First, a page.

Caring for Guinea Keets
Guinea keets are fascinating to raise, however, they are very delicate and require different care methods than chickens. If you’ve had trouble raising keets in the past, the following tips may help you safely raise them from a hatchling to a fully-feathered bird.
Get Their Home Ready
Guinea keets need a clean, enclosed area to grow up in. You can make them a box out of plywood, use a child’s swimming pool (the hard plastic kind), or even press a large aquarium into use. The purpose of having a solid-walled enclosure is that it needs to retain heat well. Keets require a warm, draft-free environment for the first 1-6 weeks of life, or until they are fully feathered. The temperature for their first week should be approximately 95 degrees Fahrenheit, and then decrease the temperature 5 degrees for each week thereafter, until fully feathered.
Depending upon the size of the flock, you can use a regular 60-watt light bulb to keep them warm. However, the pig-tail variety of light bulb may not provide enough warmth for the keets. Use the round-type bulb for keeping your keets warm. If you have a large flock, use a brooder lamp in the enclosure to keep the keets warm.
Beware of the “donut effect” when you place a brooder lamp in an enclosure. If the lamp is too close to the floor, the keets will only stay in the outer perimeter of the light source (laying down in the shape of a donut). If the light temperature is just right, the keets will lay down directly under it and in the surrounding area.
Make sure that there is an area far enough away from the lamp that the keets can get to if they are too warm.
The Right Food
Keets need turkey starter or wild game bird starter, not chicken starter. It should also be the medicated variety. The reason for this is that Guinea keets are VERY active birds and they need a high protein diet. If you don’t provide them with the right food, they will grow, but not as fast or as healthy as they could. If your local feed store doesn’t offer it, ask them if they could order it for you. Alternatively, some hatcheries sell the correct type of feed you’ll need and can ship it to you before they ship your keets.
At 6 weeks of age, switch to turkey or game bird grower. Then at 8-10 weeks of age, switch to chicken crumbles.
The Right Bedding
If you’ve raised baby chicks before, you’re probably thinking that you can replicate your success with keets. I thought the same thing, but found out I was wrong on so many issues. One of the biggest mistakes that keet owners make in the beginning is using wood shavings as bedding. Don’t do this! Keets will eat wood shavings and will die from it. They will choose the tiny pieces of bedding to eat before they’ll eat their feed. Instead, buy several rolls of paper towels and roll it out on the floor of the brooder each day. It provides a surface that they can easily grip, and it can easily be picked up and thrown away when soiled. Change the paper towels at least once a day, and you’ll have happy and clean chicks that aren’t in danger of dying from ingesting wood chips.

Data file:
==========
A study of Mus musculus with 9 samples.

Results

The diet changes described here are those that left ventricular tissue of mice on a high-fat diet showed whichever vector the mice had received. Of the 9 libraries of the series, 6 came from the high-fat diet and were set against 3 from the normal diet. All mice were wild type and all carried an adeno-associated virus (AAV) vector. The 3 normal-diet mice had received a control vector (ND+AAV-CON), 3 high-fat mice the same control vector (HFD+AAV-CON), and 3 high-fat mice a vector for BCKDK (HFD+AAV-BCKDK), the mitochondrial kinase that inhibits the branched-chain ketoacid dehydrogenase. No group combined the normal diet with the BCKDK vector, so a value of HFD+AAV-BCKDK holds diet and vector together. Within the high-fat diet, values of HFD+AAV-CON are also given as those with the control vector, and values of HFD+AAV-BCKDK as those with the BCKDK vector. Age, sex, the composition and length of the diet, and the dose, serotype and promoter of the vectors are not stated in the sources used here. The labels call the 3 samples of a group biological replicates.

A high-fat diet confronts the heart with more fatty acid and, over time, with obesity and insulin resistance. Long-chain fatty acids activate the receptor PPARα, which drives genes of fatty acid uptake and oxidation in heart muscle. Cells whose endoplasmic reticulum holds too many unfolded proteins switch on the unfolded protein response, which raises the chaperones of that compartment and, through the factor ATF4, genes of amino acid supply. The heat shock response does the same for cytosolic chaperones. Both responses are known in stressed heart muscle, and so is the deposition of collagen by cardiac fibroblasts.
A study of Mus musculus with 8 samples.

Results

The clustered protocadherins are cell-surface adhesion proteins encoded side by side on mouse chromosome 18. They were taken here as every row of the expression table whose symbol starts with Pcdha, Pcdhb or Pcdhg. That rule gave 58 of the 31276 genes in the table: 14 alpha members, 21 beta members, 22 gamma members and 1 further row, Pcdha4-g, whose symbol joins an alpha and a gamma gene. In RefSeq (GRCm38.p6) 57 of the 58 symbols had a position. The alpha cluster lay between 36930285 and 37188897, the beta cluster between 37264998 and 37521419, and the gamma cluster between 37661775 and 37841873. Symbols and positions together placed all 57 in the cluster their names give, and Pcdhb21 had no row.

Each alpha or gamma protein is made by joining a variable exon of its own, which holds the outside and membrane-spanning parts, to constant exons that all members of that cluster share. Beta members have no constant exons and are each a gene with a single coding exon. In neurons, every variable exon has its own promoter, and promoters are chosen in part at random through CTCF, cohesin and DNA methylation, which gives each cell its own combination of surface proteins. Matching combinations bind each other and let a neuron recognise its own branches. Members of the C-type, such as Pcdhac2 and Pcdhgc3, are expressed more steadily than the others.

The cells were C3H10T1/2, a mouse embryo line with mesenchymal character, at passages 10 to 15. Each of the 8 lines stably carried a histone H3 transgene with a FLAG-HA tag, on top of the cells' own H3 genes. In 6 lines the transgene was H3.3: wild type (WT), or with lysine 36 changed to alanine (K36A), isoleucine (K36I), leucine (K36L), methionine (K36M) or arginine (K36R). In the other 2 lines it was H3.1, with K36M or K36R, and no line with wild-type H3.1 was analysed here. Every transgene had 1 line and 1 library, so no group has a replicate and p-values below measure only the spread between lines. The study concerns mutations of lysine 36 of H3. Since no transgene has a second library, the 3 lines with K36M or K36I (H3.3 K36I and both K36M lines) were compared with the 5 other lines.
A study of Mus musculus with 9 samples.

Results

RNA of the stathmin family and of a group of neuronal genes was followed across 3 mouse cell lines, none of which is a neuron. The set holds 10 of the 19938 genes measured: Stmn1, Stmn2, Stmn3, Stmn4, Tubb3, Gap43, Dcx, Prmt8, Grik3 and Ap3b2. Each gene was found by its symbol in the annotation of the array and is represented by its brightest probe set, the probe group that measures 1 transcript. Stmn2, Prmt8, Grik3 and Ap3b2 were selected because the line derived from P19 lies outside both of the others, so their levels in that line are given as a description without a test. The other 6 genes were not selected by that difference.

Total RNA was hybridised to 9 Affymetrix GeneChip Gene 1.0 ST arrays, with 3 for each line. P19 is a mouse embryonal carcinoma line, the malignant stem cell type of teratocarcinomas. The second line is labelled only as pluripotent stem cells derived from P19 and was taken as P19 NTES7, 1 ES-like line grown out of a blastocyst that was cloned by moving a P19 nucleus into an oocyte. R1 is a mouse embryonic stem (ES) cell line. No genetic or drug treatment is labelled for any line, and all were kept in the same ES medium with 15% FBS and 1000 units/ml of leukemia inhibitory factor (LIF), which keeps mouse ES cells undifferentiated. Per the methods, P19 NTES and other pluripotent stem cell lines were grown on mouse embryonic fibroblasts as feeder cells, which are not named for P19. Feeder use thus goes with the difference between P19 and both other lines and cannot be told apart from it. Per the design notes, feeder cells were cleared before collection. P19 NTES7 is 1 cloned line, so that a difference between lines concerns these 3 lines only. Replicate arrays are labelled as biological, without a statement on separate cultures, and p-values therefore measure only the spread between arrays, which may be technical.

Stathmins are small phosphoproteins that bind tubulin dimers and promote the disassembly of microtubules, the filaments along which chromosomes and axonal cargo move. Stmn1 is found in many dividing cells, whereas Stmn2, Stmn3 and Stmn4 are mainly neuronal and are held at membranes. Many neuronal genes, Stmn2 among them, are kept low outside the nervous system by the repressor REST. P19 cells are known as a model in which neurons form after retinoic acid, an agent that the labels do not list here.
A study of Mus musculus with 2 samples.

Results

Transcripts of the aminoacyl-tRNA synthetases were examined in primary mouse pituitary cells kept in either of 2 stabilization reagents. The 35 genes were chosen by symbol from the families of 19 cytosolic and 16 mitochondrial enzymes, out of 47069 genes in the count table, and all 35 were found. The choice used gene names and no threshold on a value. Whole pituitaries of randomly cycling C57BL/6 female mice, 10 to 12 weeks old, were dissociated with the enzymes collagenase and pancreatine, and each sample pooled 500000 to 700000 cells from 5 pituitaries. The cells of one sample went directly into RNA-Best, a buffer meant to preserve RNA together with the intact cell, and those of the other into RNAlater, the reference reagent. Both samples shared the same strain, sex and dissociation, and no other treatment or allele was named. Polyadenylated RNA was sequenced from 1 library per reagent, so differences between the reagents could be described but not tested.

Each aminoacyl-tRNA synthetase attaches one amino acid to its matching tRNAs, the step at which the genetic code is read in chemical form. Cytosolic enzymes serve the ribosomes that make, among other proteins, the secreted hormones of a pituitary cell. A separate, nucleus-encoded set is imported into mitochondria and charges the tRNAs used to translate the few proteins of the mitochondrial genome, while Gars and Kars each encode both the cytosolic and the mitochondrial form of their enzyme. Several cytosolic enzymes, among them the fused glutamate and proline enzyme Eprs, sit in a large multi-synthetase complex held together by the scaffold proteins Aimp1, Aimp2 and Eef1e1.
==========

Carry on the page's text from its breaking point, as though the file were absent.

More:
Alternatively, owners can make a brooder that has a hardware cloth floor. This allows waste to fall through the bottom of the pen so that the keets aren't walking on it.
The Right Water Source
Keets are very tiny when they first arrive, so they need slightly different care when it comes to a waterer. While some farmers may have the nipple-type waterers, the majority of bird owners have the familiar red-base chick waterer. To make this safe for the tiny keets, place clean marbles in the water trough. You don’t need to fill the entire waterer with the marbles, just a handful that will keep the keets from falling in and drowning. As the chicks grow, the marbles can be removed after the keets large enough not to fall in and drown.
Moving the Keets to a Pen
At 6 weeks of age, the keets are now ready to be moved to a pen, especially if it is during the warmer summer months. They’ll have a lot of energy and will want to start spreading their wings and finding a perch to sit on.
Don’t forget to put an inexpensive mirror in their pen, as keets just love to look at their reflections. They also love little tunnels to hide in and perches at several different levels, several feet off the ground to the top of their new pen.
Be sure to give the birds enough room in a pen. They will need 2-3 feet for each bird in the pen. Remember, they aren't chickens and they need plenty of room to run around.
Buying from a Hatchery
Most individuals who are just starting to raise keets buy them from a reputable hatchery. There are many to choose from, so select the one that is closest to you so that the keets will have a short trip. For biosecurity, many hatcheries will not allow pick-ups on their property, so in most cases you’ll have to wait for them to be shipped to you.
Your keets will arrive in a small box, peeping and ready to be placed in their new home.
This article is accurate and true to the best of the author’s knowledge. It is not meant to substitute for diagnosis, prognosis, treatment, prescription, or formal and individualized advice from a veterinary medical professional. Animals exhibiting signs and symptoms of distress should be seen by a veterinarian immediately.